TRAVERSE CITY, Mich. (Reuters) -- Struggling U.S. automakers are not counting on a strengthening national economy to lift their profits and win back market share lost to foreign rivals despite steep incentives.
Speakers at the Management Briefing Seminars here this week noted that the Big 3 are barely making money on their car operations despite heavy sales driven by steep incentives.
"Even though cars are flying off the lots, you are still struggling to survive," Michigan Governor Jennifer Granholm said, while lamenting the recent loss of manufacturing jobs in the auto industry's home state.
Granholm said she hoped to convene a summit of governors from manufacturing states to seek steps the states and the federal government can take to help the automotive industry.
The automakers face impending contract negotiations with the United Auto Workers at a time of mounting pension deficits, growing health care costs, and slipping market share.
Detroit kept the economy alive after the Sept. 11 attacks, one speaker reminded the audience, by rolling out zero percent financing offers that sent car and truck sales to record levels and kept manufacturing plants humming.
High incentives kept sales moderately strong through the recession. But nobody expects incentives, which can devour profits, to back off quickly from the current average of nearly $4,000 per vehicle.
The federal government bailed out Chrysler Corp. in 1980, but most in the industry said the automakers and suppliers must change their own practices to compete against the Japanese and Europeans.
"The only way that we can hope to survive in this hyper-competitive industry is to restore the vitality and profitability of our car and truck business," Nick Scheele, president of Ford Motor Co. said, encouraging suppliers to become more innovative and efficient.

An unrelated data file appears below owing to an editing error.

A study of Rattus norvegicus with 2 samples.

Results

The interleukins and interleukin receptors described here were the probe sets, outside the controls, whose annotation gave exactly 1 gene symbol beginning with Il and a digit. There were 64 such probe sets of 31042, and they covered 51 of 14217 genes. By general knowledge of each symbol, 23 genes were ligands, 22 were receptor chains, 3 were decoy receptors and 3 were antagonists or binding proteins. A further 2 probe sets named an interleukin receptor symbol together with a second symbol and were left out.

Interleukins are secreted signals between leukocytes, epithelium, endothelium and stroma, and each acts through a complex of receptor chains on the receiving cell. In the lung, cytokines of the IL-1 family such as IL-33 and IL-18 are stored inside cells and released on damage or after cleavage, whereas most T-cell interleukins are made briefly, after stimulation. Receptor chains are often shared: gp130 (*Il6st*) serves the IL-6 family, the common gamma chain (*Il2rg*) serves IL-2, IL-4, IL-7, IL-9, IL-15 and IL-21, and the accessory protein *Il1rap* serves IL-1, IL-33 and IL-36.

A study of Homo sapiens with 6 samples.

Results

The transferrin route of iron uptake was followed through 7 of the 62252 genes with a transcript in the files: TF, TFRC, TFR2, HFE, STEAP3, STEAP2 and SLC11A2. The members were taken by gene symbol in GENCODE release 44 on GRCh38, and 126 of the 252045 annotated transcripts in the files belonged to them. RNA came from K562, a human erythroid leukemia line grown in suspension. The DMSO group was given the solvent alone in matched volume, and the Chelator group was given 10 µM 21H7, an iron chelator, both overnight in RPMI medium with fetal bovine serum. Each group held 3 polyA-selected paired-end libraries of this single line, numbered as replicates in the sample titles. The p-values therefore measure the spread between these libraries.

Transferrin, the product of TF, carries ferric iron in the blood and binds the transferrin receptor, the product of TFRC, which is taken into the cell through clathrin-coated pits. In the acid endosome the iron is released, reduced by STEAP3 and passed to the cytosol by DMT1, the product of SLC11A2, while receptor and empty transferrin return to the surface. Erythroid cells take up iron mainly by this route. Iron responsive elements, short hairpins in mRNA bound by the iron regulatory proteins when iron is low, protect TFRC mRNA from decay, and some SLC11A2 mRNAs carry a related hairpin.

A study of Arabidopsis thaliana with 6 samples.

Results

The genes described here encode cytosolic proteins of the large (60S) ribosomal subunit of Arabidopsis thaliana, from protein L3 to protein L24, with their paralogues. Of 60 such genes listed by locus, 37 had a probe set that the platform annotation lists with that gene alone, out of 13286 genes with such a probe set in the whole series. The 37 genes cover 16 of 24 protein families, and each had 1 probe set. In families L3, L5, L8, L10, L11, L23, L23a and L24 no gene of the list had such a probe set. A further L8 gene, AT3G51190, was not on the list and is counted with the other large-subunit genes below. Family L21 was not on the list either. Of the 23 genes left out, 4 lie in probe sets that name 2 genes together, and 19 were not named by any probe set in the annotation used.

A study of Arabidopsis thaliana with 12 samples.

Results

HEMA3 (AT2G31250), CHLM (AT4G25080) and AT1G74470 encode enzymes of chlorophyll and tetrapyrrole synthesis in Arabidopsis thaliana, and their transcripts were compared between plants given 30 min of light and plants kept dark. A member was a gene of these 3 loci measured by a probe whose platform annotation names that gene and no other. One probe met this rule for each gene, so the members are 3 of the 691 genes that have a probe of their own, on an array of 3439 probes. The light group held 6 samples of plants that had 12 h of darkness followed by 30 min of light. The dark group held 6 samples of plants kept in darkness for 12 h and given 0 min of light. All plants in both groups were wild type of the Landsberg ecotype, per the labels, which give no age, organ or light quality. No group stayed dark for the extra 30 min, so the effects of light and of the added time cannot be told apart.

Ford's automotive unit earned just $3 million, before taxes, in the second quarter. The Chrysler arm of DaimlerChrysler AG lost $1.1 billion during the second quarter, while General Motors' automotive operations made $140 million, down from $1.07 billion in the year-ago quarter.
Meanwhile, some foreign automakers have posted record earnings, largely due to strong sales in the U.S. market. The Big 3's U.S. market share tumbled more than 10 percentage points over a decade to 61.5 percent last year, bringing job losses to manufacturing states.
The popularity of U.S.-made pickup trucks and sport utility vehicles have helped Detroit earn profits even as its automobiles have lost ground to foreign rivals. But competition in trucks and SUVs will soon stiffen.
Toyota Motor Corp. and Nissan Motor Co. Ltd. are both opening new plants in the south to manufacture pickup trucks. Nissan will launch its new Titan full-size pickup this fall.
"That dog can hunt," said Mike Wujciak, vice president of global automotive consulting with Cap Gemini Ernst & Young. "That will be the turning point for the industry."
In one upbeat note to the conference, GM North America President Gary Cowger announced a new vehicle to go on sale in about two years. GM hopes the Chevrolet HHR, a tall wagon similar to the popular Chrysler PT Cruiser, will boost Chevrolet sales above 3 million a year.
But Cowger ended his speech with a note of caution.
"A lot of people are counting on General Motors for their present and their future, and I hope you can see that we are working very hard to rebuild this company to last a very long time," he said.